Malcolm Turnbull goes it alone on Q&A with host Tony Jones ahead of the 2016 federal election.
Television shows that reveal politicians in a different light, such as Channel Ten's The Project, or the ABC's Kitchen Cabinet or Q&A, are vital outlets for them to convey their messages.
Scrutiny of the sources, evidence and bias behind our public figures’ statements is more important than ever.
In a time of slippery weasel words and 'alternative facts', we are delighted to see the return of the ABC fact-checking unit in collaboration with RMIT.
New linguistic studies show the ratio of “he” to “she” in Australian news reporting is 3.4 to 1.
AAP Image/April Fonti
A new database that shows the use of gendered words in major Australian newspapers tells us much about whose voices are being heard.
Within weeks of the ‘Children Overboard’ claims, the Howard government enforced a media blackout of sorts on asylum seekers.
How do the media management strategies devised in haste 15 years ago affect how asylum seekers are portrayed today?
It appears a significant proportion of Australia’s Chinese community feel the Australian media cover China within a narrow framework.
Anti-Chinese hostility, channelled and fanned by the mainstream media, may fuel negative sentiments toward Australia on the part of Chinese migrants.
Mitch Fifield argues media diversity is under threat unless the government’s bill is passed.
The Turnbull government is engaged in a media reform process that is all about the sideshow – not forward-thinking policy with the public interest in mind.
Research in the humanities has come under attack from the Daily Telegraph in recent days.
The decision to refuse the ARC and academic researchers a right of reply appears to be a straightforward breach of the News Corp Australia code of conduct.
The Nine Network’s Here Come The Habibs is one of very few Australian TV programs not dominated by Anglo-Australian faces.
A generation on from revelations about the lack of diversity in the Australian media at the dawn of the digital era, what is pushing this concern now? And what’s changed since then?
Harriet Wran was sentenced to four years in prison with a non-parole period of two.
The internet and social media have expanded the potential for more enduring forms of non-judicial punishment by way of continued denigration, humiliation and abuse.
A recent ACMA investigation found Andrew Bolt did not breach the commercial TV code of practice.
An ACMA investigation of Andrew Bolt raises questions of fair and accurate reporting, the clash over facts, fair comment and the right of readers and viewers to be fully informed.
Is Rupert Murdoch’s influence on the Australian political landscape what it used to be?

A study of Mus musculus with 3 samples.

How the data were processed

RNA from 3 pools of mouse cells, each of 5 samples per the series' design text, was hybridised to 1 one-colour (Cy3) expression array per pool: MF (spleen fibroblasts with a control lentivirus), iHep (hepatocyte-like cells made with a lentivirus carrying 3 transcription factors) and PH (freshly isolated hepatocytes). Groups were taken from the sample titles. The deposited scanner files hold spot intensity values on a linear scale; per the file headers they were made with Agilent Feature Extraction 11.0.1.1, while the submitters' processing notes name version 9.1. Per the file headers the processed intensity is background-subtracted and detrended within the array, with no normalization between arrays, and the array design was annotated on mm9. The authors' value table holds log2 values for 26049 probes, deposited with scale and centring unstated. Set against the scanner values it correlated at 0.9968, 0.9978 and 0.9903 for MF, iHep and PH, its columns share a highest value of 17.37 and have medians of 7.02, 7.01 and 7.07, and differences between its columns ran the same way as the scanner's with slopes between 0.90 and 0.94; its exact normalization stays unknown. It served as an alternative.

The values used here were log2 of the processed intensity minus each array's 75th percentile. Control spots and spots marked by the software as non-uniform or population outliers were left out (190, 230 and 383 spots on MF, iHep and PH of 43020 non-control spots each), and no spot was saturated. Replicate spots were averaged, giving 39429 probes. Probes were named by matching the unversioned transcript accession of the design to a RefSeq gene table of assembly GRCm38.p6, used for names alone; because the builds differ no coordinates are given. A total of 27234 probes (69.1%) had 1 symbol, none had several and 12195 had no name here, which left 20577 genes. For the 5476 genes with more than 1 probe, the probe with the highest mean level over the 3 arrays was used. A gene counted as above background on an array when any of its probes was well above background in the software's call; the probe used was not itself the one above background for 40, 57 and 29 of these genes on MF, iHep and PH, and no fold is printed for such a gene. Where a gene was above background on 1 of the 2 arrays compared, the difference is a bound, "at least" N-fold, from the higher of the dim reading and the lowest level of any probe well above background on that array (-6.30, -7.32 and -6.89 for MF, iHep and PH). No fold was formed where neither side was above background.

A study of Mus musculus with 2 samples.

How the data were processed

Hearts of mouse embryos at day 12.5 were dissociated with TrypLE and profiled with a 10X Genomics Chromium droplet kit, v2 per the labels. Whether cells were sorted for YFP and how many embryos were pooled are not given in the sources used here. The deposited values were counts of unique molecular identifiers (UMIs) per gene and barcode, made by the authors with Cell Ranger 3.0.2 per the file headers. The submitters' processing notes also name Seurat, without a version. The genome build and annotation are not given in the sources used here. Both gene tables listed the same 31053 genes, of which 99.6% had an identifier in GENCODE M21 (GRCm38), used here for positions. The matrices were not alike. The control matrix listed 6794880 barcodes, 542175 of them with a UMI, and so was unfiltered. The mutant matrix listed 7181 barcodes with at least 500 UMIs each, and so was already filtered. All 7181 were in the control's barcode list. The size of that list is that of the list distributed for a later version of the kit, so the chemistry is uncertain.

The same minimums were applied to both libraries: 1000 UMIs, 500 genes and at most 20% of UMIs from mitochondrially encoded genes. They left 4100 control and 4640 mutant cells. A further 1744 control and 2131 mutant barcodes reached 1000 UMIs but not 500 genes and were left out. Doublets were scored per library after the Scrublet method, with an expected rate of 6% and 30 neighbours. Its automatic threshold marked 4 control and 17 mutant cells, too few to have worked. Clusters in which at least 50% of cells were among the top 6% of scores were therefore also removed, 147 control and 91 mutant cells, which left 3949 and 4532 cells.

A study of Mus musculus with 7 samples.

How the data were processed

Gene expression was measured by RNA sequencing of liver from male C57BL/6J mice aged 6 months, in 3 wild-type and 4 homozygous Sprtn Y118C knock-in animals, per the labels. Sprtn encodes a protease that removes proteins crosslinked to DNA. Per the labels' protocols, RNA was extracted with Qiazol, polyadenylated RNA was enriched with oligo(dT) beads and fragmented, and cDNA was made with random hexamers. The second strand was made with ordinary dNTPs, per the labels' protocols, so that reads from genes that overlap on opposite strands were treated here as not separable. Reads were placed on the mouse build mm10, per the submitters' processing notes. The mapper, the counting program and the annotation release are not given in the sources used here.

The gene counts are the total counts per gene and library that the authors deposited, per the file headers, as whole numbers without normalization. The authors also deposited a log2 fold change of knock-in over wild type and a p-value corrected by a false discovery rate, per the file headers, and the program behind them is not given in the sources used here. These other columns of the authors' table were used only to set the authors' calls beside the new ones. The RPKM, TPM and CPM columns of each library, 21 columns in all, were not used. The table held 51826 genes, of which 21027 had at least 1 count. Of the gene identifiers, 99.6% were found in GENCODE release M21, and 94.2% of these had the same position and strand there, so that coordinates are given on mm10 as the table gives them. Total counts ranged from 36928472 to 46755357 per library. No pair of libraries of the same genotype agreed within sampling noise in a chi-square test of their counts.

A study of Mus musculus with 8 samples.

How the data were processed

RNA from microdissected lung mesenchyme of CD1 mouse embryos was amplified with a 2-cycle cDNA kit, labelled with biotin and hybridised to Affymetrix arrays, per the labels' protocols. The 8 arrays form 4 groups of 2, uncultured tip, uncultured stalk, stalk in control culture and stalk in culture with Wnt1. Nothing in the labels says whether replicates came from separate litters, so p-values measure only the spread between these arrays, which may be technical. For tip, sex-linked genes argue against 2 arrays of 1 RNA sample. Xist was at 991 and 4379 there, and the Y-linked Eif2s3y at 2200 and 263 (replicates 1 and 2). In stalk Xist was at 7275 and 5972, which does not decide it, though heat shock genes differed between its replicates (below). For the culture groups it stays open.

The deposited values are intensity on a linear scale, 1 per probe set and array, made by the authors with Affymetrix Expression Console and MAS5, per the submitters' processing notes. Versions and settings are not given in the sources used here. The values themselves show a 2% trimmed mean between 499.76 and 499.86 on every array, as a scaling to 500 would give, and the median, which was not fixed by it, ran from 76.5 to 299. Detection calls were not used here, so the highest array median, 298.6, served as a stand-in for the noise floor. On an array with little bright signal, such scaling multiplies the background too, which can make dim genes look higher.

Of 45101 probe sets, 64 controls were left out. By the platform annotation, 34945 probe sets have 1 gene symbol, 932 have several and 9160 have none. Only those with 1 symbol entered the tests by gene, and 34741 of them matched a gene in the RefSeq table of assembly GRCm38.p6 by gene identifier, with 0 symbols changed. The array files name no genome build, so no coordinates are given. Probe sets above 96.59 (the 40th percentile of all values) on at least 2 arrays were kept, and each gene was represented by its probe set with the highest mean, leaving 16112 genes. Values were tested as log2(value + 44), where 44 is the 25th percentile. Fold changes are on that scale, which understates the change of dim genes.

Given newspapers' continued role as the main provider of new news every day, and the amplifying effect of social media, their potential to influence the body politic remains substantial.
Bill Shorten poses for yet another selfie, ready to be uploaded onto social media.
A key feature of the way this election has been covered has been the symbiosis between tradition media and social media.
Michelle Guthrie: will she shape an ABC that truly reflects modern Australia?
The ABC's new chief, who took over last week, has identified improving diversity at the broadcaster as a top priority. This is long overdue - the BBC has already tackled the issue from the top down.
Mark Scott has altered the ABC in profound ways.
Mark Scott will hand to Michelle Guthrie a much-transformed ABC – one that does the same things in very new ways.
History lesson: Sydney’s Daily Telegraph goes to war on political correctness.
Debate over 'discovery' of Australia is alive and well – in the mind of one Sydney newspaper editor.
With depressing regularity I return to this column to talk about cuts to precious journalism capacity in Australia, usually at Fairfax. This week it’s the equivalent of 120 editorial positions consigned…
Some have criticised the government’s fresh attempt at media reform as benefiting big media companies such as News Corp.
If the word “reform” implies genuine public benefit, then real reform has been in short supply for all of the 106 years of electronic media regulation in Australia.
Rural and regional Australians deserve more than tokenistic media coverage of their regions.
Before media reform becomes a runaway train, we need to return to the drawing board and rethink the maps that define and guide broadcasters on reporting news for “local areas”.
Media owners are likely to be the biggest beneficiaries of changes announced by Communications Minister Mitch Fifield on Tuesday.
Mitch Fifield has announced a shake-up of Australia’s media ownership laws. What rules are being scrapped? And what effect might their axing have on Australia’s media sector?
Mitch Fifield seems to have herded enough fractious media cats into the cage to get his media reform package through.
The fact that Communications Minister Mitch Fifield has got a package of changes to Australia's media laws this far is remarkable considering the ill-fated recent history of attempts at media reform.